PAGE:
Flannery O’Connor, the only child of Catholic parents was born in Savannah, Georgia, on March 25, 1925. She kept Catholicism as a guiding light in every aspect of her life, including her fiction. Less well-known than her fiction, her other writing often focused on Catholicism, theology and sometimes on the subjects of both fiction and Catholicism. She collected books of Catholic theology and wrote over 100 book reviews which appeared in Catholic diocesan publications.
The O’Connor family moved to Milledgeville, Georgia, in 1938. In February of 1941, when Flannery was not quite 16, her father died of lupus, an autoimmune disease. With the exception of only a few years as a young woman, O’Connor lived all of the rest of her life in Milledgeville, including during her first college years at Georgia State College for Women.
In 1945 she went to the University of Iowa where she completed an MFA degree before moving to Yaddo, an artist community in Saratoga, New York. After that she lived in Connecticut for almost two years in the garage apartment of literary friends Sally and Robert Fitzgerald, also Catholics. Robert Fitzgerald, journalist, college professor and highly respected translator of Greek classics into English, later acted as O’Connor’s literary executor. Both he and especially Sally Fitzgerald played critical roles in O’Connor’s legacy by editing her essays, lecture transcripts and letters. These important collections were published after O’Connor’s death: Mystery and Manners, The Habit of Being, and Flannery O’Connor: Collected Works.
By 1950 O’Connor was afflicted by symptoms of lupus, the hereditary disease that had taken her father’s life. After returning to Milledgeville she and her mother moved to their nearby family farm, Andalusia. There she kept up a writing schedule for two hours a day and made the claim that she spent the rest of her time “largely in the society of ducks.” In fact she took much pleasure in the enormous variety of fowl she kept, most famously her peafowl. The term peacock applies to the male birds, with females called peahens, and collectively known as peafowl. Her mother was much less fond of these birds with their habit of ravaging and devouring flowers and foliage.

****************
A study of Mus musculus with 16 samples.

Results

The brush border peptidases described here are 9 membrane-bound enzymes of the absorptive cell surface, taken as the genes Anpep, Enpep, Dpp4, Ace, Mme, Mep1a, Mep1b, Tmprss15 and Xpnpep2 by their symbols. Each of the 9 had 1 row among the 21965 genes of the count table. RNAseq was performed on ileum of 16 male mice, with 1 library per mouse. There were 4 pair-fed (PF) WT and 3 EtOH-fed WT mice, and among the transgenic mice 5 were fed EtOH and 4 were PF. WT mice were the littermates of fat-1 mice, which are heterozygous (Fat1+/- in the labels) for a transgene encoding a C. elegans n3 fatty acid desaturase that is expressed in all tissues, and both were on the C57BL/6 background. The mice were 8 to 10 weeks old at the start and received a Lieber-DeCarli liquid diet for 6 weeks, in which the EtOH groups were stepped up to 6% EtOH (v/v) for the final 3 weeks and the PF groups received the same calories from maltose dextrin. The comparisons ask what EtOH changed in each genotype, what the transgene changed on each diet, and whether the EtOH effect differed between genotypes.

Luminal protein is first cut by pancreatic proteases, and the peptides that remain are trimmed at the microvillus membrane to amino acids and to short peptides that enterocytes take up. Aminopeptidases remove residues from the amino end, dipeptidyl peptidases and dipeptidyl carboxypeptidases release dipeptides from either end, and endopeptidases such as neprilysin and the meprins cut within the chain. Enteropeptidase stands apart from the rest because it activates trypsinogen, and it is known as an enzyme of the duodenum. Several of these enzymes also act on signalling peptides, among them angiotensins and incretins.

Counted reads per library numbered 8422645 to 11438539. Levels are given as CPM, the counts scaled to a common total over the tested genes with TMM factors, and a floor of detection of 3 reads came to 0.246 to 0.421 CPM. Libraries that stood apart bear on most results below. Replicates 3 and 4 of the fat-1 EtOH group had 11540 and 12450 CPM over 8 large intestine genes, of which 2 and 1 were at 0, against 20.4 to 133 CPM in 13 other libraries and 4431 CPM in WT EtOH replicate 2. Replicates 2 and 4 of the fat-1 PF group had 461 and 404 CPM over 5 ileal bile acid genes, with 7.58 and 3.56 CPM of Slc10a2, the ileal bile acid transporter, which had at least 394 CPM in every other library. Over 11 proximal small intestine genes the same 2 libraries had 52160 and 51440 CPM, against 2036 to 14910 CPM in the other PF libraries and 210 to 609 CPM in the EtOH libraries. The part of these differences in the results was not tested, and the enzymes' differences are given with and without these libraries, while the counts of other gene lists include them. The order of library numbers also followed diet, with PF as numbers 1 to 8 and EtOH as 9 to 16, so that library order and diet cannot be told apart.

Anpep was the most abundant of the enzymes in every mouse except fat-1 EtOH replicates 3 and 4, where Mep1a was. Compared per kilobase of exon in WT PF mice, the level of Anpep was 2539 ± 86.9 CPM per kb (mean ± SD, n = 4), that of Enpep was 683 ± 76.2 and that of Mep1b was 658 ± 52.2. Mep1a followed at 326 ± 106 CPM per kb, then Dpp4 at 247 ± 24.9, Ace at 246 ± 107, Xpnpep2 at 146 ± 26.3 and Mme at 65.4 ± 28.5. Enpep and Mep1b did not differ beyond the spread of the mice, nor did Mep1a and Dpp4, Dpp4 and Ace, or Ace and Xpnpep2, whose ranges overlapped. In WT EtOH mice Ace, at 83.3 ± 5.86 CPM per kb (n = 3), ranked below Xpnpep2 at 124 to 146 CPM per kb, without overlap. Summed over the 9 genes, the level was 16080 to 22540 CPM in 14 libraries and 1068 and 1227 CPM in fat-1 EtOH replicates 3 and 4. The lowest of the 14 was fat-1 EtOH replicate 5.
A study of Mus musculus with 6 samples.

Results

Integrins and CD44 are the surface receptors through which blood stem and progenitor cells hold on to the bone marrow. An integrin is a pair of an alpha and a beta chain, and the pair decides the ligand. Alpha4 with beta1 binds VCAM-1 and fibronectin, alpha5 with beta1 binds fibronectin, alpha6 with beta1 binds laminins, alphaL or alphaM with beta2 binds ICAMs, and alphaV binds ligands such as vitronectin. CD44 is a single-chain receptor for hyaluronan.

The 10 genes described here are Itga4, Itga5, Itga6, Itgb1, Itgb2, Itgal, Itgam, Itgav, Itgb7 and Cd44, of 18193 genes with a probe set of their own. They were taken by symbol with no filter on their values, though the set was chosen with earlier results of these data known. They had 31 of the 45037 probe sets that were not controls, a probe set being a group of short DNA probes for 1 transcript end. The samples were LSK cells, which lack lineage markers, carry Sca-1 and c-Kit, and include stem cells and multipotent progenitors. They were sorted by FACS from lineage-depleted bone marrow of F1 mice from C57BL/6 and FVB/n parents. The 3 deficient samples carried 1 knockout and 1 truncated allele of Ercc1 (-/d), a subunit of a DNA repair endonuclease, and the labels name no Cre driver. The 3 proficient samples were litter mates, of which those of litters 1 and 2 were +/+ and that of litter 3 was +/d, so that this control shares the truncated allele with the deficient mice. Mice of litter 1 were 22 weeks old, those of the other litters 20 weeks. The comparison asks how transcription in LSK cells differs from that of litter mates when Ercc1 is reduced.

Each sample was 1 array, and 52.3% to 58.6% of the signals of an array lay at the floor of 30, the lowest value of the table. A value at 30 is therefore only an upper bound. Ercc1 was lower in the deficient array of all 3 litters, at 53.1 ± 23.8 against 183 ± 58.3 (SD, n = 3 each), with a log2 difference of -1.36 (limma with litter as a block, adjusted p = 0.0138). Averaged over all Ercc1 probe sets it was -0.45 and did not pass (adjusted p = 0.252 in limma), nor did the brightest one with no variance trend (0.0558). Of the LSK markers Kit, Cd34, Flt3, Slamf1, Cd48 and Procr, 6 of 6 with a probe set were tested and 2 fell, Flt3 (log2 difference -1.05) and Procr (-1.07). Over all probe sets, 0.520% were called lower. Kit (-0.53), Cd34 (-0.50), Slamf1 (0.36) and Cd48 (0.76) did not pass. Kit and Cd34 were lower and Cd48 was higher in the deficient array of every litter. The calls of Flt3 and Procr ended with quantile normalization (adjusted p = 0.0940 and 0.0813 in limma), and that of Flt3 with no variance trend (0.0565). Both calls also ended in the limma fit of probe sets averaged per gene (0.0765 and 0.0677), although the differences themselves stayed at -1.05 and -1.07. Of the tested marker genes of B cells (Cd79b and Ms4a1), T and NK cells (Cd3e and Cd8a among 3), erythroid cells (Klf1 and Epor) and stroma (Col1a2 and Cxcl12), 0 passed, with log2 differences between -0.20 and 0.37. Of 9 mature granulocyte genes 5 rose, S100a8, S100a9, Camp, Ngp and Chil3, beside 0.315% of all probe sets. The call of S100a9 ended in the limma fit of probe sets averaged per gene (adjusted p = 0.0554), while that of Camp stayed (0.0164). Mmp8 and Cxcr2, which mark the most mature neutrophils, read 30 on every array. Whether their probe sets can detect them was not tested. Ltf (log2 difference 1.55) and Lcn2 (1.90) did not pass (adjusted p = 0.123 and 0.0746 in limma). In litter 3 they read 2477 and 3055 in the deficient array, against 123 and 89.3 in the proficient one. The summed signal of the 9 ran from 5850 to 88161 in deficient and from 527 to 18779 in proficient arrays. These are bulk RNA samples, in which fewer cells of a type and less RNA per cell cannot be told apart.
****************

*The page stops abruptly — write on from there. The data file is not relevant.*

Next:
During the years after her return to Georgia, she lectured extensively, with frequent overlap of subject matter, but with a focus on fiction, the southern writer, and the Catholic writer. Some of these lectures have been edited and collected in Mystery and Manners. Her thinking was complex, instructive, articulate and thought-provoking. Her correspondence gives a fascinating window into her more personal life. An avid correspondent to many, she wrote regularly from 1955 until her death, to a friend named Betty Hester who lived in Atlanta. In 1987 Hester gave O’Connor’s letters to Emory University with the agreement that they would not be made public until 2007. Some of these letters were published in The Habit of Being, but Betty Hester’s name and details about her life were not revealed until 2007.
A sense of place was crucial to O’Connor’s fiction, as was use of language to reflect the place – and her place was the Bible Belt. Her fiction is powerful, with vivid characters and stories that have disturbed many a reader. In her own words she explained, “I think this is a natural belief for a generation that has been made to feel that the aim of learning is to eliminate mystery. For such people, fiction can be very disturbing, for the fiction writer is concerned with mystery that is lived. He’s concerned with ultimate mystery as we find it embodied in the concrete world of sense experience.” (From Mystery and Manners) She wrote two novels: Wise Blood and The Violent Bear It Away. In addition to other collections, her short stories were published with the titles A Good Man Is Hard to Find and Everything That Rises Must Converge.
Her humor was lively in all of her writing. She could be sharp-tongued and opinionated. For example, she wrote, “Everywhere I go, I’m asked if I think the universities stifle writers. My opinion is that they don’t stifle enough of them. There’s many a best seller that could have been prevented by a good teacher.” Fortunately, her guidance and illumination on the art of fiction has served to inspire, more than intimidate, both aspiring and accomplished writers. The University of Georgia Press selects two winners every year for the Flannery O’Connor Award for Short Fiction.
Flannery O’Connor died from complications of lupus on August 3, 1964, at the young age of 39. The farm, Andalusia, preserves the life and times of Georgia’s most famous author and is open to the public. If we say that that her writing and her life provided food for thought, that food is very nourishing and sustaining food.